Carbon trading plan set to curb polluters

8 Oct 09
The government has finalised plans for a carbon emissions reduction scheme aimed at forcing major public and private sector polluters to take action on climate change
By David Williams

8 October 2009

The government has finalised plans for a carbon emissions reduction scheme aimed at forcing major public and private sector polluters to take action on climate change.

But the Local Government Association described the plans as a ‘missed opportunity’. It complained that the Department of Energy and Climate Change had overlooked major concerns raised by public sector bodies.

The details of the Carbon Reduction Commitment Energy Efficiency Scheme were announced on October 7. The CO2 trading system, which will take effect from April 2010, will involve almost every public sector organisation along with hundreds of private sector household names.

The scheme is for bodies whose buildings use at least 6,000kw/h of electricity per year – equating to an annual bill of around £500,000 or more.

Around 5,000 organisations will be ranked on how much energy they save year-on-year. An additional ‘growth metric’ will give some adjustment for firms that are expanding but emitting proportionally less CO2.

Initially, there will also be allowances for bodies that took early action to improve their energy efficiency.

In 2010/11, those taking part will simply monitor their energy use. The first auctions of carbon credits, priced at £12 per tonne, will take place the following year. Organisations will be able to buy and sell credits to cover their emissions.

Each year, the value of the credits will be redistributed, with rewards and penalties for high and low performers. In the first year, organisations could gain or lose up to 10% of the value of their carbon credits. By the fifth year, that proportion will have risen to 50%. The DECC estimates that a typical local authority would have to buy around £420,000 worth of carbon credits, so could stand to gain or lose £42,000 in the first year, and £210,000 by the fifth.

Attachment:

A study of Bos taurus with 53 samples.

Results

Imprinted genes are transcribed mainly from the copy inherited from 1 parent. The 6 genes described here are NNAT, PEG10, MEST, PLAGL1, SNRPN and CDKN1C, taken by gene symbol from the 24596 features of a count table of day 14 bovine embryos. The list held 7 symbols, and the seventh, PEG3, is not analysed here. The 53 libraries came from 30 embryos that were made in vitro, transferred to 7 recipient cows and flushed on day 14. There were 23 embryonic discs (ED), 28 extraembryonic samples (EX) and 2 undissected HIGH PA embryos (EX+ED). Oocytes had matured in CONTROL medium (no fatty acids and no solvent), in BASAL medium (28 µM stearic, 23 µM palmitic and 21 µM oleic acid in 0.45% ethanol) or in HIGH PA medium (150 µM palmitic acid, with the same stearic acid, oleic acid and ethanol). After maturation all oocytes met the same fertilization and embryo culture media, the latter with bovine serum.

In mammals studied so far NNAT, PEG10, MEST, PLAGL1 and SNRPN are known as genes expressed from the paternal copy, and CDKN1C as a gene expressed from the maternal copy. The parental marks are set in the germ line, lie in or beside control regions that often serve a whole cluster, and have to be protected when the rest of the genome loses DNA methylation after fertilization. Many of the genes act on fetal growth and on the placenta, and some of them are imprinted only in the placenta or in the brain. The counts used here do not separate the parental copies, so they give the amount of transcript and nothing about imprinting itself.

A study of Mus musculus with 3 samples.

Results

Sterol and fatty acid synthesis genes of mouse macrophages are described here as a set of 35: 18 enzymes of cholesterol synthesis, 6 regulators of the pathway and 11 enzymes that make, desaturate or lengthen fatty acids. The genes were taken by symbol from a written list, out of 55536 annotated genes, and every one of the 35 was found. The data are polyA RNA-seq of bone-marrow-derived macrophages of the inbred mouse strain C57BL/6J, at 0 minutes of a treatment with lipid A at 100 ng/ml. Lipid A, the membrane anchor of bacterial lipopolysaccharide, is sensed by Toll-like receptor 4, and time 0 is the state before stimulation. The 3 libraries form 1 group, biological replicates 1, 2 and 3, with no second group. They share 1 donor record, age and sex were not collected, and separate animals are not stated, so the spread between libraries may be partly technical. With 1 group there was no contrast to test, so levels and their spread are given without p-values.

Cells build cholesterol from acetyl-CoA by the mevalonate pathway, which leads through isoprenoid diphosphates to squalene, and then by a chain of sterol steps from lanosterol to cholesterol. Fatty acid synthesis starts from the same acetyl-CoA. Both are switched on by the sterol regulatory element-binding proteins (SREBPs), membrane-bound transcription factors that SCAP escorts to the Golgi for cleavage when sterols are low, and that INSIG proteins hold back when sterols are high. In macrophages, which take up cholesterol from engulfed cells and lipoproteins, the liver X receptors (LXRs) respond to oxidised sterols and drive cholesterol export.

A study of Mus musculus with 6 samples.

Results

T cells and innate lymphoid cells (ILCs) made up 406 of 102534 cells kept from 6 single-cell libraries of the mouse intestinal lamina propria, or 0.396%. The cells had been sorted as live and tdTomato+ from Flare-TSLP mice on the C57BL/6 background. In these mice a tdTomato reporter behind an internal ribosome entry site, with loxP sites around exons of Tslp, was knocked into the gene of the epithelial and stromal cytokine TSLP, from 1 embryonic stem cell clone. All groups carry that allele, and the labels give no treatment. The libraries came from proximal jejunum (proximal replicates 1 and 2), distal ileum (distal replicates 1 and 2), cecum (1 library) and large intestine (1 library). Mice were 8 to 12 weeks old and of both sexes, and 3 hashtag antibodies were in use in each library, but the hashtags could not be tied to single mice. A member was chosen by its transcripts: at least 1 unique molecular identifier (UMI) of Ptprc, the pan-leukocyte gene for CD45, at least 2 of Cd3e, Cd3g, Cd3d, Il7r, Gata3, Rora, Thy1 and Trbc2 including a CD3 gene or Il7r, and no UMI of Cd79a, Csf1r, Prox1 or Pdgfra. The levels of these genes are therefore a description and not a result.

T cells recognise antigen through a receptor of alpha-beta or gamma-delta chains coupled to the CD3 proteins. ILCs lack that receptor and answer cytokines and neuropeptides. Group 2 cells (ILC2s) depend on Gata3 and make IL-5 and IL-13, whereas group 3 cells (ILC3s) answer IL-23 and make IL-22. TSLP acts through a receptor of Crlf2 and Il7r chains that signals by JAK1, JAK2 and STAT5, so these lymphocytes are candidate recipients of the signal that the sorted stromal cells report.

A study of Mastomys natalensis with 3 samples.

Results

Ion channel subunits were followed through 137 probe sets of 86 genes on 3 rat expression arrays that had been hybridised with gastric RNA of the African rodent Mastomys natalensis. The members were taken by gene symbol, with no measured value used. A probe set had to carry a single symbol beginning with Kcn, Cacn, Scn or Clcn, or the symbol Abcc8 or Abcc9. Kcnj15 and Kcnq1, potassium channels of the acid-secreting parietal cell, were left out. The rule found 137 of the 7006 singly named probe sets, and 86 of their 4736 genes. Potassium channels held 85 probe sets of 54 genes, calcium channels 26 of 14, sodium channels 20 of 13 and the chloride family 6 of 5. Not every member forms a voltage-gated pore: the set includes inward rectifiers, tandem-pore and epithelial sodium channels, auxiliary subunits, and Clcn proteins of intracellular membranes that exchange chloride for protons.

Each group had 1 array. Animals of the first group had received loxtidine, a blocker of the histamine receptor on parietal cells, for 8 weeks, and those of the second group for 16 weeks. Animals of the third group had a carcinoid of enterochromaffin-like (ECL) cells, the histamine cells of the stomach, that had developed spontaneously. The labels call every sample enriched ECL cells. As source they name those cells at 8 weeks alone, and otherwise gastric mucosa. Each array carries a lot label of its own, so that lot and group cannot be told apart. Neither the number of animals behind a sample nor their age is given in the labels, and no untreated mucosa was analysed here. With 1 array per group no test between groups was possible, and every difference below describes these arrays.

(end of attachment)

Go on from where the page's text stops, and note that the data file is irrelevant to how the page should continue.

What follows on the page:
But the LGA is concerned that the reward and penalty system could cause cash to flow from the public sector into the private. Policy consultant Russell Reefer also said the growth metric was designed around the needs of business, allowing firms to pick up league table points on criteria irrelevant to public bodies.

Karen Lawrence, project manager at the Local Government Information Unit said that many bodies were confident they could compete with the private sector, but the incentives might not be enough to cause real reductions.

 ‘Finance directors are not that concerned about this because it’s a relatively small amount of money – the real driver is how much you can save on your energy bills,’ she told Public Finance.